Remember when flying used to be fun? When I was little, back when Eastern Airlines, TWA, and People's Express were still in the mix, I remember excitedly looking forward to going on a plane. I received a set of plastic "wings" when I boarded the plane. At some point after we had reached our cruising altitude, one of the friendly flight attendants would take me up front to meet the captain. Best of all, I'd be served a really cool "kid's meal," complete with games and a lollipop, for lunch. What wasn't absolutely fantastic about that?
Fast forward twenty-something years, and my definition for an "absolutely fantastic" flight has changed. Yesterday, Eric and I flew to my parents' house in Delaware for my dad's birthday. We chose to fly Southwest Airlines because I avoid both indirect flights and insultingly unreasonable airfares. Cattle-call boarding procedures aside, we arrived at Philadelphia Airport on time, having experienced a 2008 version of a "pretty fantastic" flight: Southwest didn't charge us for our TWO (gasp!) checked bags. They served drinks and snacks for free (games and a lollipop were not options.) The middle seat between us was empty (obviously, Eric and I do that whole "avoid eye-contact with the people in the aisle so that they don't sit in our row" thing really well.) Security only took 45 minutes. Yes, it was almost modern air-travel heaven.
What was heaven, at least for me, was the large bowl of MacIntosh apples from Millburn Orchards, which was sitting on the island in my mom's kitchen when I walked through the door. For some reason, I have a hard time finding McIntosh varietals in Las Vegas, so I had been dreaming of this quintessential Fall fruit for months. The combination of cooler air, the hint of reds and oranges on the trees, and that big bowl of apples inspired me to make a batch of my chunky spiced applesauce (well, not immediately--we arrived at 2 a.m., and making applesauce at that time would have been a bit odd, so I held off my urge until the next day.) I make this applesauce every year, and my mom and I always made big batches of it when I was growing up. It's a little bit different from traditional applesauce in that it is not completely smooth, but I like it better that way. Other than tasting deliciously sweet and tart by itself, I like to stir in into granola or use it to make applesauce muffins. Here are my extra tips for this autumn apple treat:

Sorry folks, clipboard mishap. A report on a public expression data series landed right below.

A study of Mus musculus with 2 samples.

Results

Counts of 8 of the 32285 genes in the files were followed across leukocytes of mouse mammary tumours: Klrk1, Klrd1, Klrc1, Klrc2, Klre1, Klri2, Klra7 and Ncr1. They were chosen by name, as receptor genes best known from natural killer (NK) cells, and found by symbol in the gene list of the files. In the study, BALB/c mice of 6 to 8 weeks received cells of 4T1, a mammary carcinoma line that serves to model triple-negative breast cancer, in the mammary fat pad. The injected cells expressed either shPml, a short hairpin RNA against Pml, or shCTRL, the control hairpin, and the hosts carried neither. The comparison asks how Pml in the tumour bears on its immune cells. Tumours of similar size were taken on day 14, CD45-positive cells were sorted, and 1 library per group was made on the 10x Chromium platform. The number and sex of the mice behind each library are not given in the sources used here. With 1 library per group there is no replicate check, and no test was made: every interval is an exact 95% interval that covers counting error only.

- If your grocery store or orchard doesn't have McIntosh apples, you can substitute another variety. Gala, Braeburn, and Fuji will all work nicely. Granny Smith apples are carried pretty much everywhere, and they tart flavor is needed for this recipe, so I wouldn't recommend substituting another variety for them.
- The apple cider can be replaced with regular apple juice.
- I like to can my applesauce in mason jars and give it as gifts. I tried home canning for the first time a few years ago, and found it to be a surprisingly easy process. If you are interested in giving it a try, the Ball web site has step-by-step instructions, along with anything else that you might need to get started.
- In addition to tasting great straight from the jar, homemade applesauce is wonderful to use in muffin or bread recipes, replacing some of the oil and lowering the fat content.
Chunky Spiced Applesauce
Makes about 2 quarts
2 pounds McIntosh apples, peeled and cored
2 pounds Granny Smith apples, peeled and cored
1 cup apple cider
1 cup sugar
1/4 cup brown sugar
2 tablespoons lemon juice
1 heaping teaspoon ground cinnamon
1/2 teaspoon ground cardamom
1/2 teaspoon ground allspice
1/4 teaspoon salt
Generous pinch of cloves
Cut the McIntosh apples into 1-inch pieces. Dice the Granny Smith apples. Combine the apples and the cider in a large, non-reactive saucepan or pot. Bring the mixture to a boil over medium-high heat, stirring occasionally. Reduce the heat and boil gently for 20 minutes or until the mixture has reduced by half.
Stir in the sugar, brown sugar, lemon juice, cinnamon, cardamom, allspice, salt, and cloves. Return the mixture to a boil, reduce the heat, and simmer for about 25 minutes or until the mixture is very thick. There should still be some tender apple chunks remaining.
If canning, ladle the applesauce into sterilized jars and process as directed. If refrigerating, cool the applesauce, and then ladle it into jars or containers with air-tight covers.